Emory Law Journal

Volume 68Issue 6
Articles

Partisan Gerrymandering and the Constitutionalization of Statistics

Jacob Eisler | 68 Emory L.J. 979 (2019)

Recent partisan gerrymandering litigation has relied heavily on statistical metrics to identify constitutional violations. If this trend continues, quantitative analysis could become the crux of constitutional analysis. This Article describes how constitutional law founded on numerical thresholds transforms judicial decision-making and undermines rights enforcement. Courts enforce constitutional law to ensure governmental compliance with rights founded in moral principles, not to advance alternative policy arrangements. Yet if quantitative outcomes are used to define rights, courts act as quasi-regulatory entities that compete with democratically elected branches. Arguably the most condemned decision of the twentieth century, Lochner, reflected such a quasi-regulatory approach to rights enforcement; excessive reliance on statistics threatens to repeat that mistake. Courts should approach the problem of partisan gerrymandering using a principle-based approach, and identify constitutional violations when legislatures seize partisan advantage in democratic process.


Claire Raj | 68 Emory L.J. 1037 (2019)

The landscape of public education, once thought to be a core function of the state, is shifting towards privatization with the expansion of vouchers and tax credits that use public dollars to fund private school tuition. This Article focuses on the impacts of such programs on students with disabilities. It argues that voucher legislation, as applied to students with disabilities, violates two principles of constitutional law: the unconstitutional conditions doctrine and equal protection. The unconstitutional conditions doctrine limits government’s authority to require individuals to forgo their rights in exchange for a gratuitous benefit. Vouchers cross those limits, coercing students into accepting a restriction of significant rights to escape failing public schools. Voucher programs, motivated by a desire to eliminate the costs and burdens associated with educating students with disabilities, stumble into an equal protection problem because they target students with disabilities for disadvantage without sufficient justification.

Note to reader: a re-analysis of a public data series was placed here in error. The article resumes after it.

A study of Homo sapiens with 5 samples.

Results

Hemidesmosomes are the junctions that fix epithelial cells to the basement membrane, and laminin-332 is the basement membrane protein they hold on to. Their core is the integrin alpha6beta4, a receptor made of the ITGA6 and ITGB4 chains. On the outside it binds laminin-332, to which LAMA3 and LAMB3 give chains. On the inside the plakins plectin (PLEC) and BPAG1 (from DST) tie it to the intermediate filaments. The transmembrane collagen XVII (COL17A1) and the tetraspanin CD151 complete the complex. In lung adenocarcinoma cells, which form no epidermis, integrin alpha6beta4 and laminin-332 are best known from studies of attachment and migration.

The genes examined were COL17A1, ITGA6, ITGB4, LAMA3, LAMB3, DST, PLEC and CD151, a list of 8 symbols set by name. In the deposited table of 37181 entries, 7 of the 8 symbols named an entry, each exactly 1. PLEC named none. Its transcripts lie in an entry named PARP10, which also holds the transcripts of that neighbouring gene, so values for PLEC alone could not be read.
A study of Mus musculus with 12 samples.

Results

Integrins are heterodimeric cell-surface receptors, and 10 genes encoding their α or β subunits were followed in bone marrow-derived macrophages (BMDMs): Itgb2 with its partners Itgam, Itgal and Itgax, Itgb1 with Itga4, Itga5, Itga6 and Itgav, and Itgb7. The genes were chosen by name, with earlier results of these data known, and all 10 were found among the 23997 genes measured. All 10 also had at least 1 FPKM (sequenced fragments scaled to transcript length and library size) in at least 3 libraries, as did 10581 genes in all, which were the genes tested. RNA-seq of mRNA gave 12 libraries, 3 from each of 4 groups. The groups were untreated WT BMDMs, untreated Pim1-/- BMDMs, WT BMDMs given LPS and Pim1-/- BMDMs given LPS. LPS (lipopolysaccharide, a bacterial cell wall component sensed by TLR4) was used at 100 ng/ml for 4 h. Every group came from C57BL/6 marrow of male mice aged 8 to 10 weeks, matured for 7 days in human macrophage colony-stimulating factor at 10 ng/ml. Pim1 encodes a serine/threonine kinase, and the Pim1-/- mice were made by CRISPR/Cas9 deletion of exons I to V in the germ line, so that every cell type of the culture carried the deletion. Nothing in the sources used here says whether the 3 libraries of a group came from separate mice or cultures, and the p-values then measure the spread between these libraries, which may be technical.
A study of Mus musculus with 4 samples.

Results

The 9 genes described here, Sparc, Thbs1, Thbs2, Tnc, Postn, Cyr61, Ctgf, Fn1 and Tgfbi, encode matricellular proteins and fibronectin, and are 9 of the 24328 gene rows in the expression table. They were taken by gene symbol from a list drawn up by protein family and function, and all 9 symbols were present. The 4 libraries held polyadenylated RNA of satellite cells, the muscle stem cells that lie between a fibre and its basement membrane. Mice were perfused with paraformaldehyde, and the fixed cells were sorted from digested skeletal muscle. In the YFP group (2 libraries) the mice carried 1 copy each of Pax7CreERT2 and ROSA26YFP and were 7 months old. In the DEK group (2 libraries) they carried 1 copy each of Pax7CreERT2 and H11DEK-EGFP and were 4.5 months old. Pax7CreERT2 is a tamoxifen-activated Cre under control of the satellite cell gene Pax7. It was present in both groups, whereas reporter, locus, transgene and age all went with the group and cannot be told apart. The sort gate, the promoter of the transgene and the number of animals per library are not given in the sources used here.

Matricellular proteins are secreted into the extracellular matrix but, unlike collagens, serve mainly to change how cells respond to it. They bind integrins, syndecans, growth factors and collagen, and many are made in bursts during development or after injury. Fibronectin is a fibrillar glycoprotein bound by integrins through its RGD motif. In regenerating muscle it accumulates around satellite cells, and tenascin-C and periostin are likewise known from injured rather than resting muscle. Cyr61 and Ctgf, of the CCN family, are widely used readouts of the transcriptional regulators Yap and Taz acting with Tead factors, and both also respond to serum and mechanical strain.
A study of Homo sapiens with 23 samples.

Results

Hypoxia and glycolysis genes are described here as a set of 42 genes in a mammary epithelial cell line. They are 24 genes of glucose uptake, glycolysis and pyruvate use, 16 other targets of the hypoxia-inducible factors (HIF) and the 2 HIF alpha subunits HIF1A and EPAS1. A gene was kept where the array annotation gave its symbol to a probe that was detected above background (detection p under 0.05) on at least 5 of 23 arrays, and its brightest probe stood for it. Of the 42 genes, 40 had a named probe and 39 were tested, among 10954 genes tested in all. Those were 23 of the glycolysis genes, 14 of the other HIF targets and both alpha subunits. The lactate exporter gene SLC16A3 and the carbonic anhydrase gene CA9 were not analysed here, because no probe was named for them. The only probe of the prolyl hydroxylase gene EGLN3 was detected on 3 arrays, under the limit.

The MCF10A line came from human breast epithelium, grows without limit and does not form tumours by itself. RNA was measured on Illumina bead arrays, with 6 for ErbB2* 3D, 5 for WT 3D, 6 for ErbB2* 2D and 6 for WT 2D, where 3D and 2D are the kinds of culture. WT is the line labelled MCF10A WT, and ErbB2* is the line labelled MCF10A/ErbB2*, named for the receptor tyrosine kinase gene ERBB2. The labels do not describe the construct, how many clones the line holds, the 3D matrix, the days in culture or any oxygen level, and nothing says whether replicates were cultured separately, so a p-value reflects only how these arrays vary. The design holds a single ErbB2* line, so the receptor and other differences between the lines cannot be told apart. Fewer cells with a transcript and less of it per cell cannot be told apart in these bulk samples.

“A Fresh Look”: Title VII’s New Promise for LGBT Discrimination Protection Post-Hively

Devon Sherrell | 68 Emory L.J. 1101 (2019)

In 2017, the United States Court of Appeals for the Seventh Circuit, in Hively v. Ivy Tech Community College, became the first U.S. circuit court to hold that Title VII prohibits employers from discriminating against individuals in employment on the basis of sexual orientation. Given that many federal antidiscrimination statutes are interpreted in line with Title VII, the Hively decision may extend sexual orientation discrimination protections to a variety of areas. However, since the Supreme Court’s decision in Burwell v. Hobby Lobby now allows private businesses to seek religious exemptions under RFRA, it is possible that private businesses might seek to avoid complying with Title VII’s sex discrimination prohibition on the basis of religious objection. This Comment examines the relationship between Title VII and RFRA and argues that expanding the Hively court’s interpretation of Title VII is the most promising method for protecting against sexual orientation discrimination nationwide.


Gabrielle Gollomp | 68 Emory L.J. 1147 (2019)

In Trinity Lutheran Church of Columbia v. Comer, the Supreme Court determined that a state could not deny a church generally available benefits because of its religious character. Before Trinity Lutheran, the Supreme Court consistently recognized the existence of a “play in the joints” between the Establishment Clause and Free Exercise Clause, meaning some state government actions are neither prohibited by the Establishment Clause nor required by the Free Exercise Clause. Issues concerning tax exemptions and state funding are consistently held to fall within the “play in the joints,” which permits state and local governments to refuse to fund religious institutions, even if funding would be constitutionally permissible. This Comment argues that the Trinity Lutheran decision is problematic and Locke v. Davey is the proper interpretation of the relationship between the First Amendment religion clauses and state funds, as it recognizes the importance of federalism and leaves state tax issues sub-constitutional.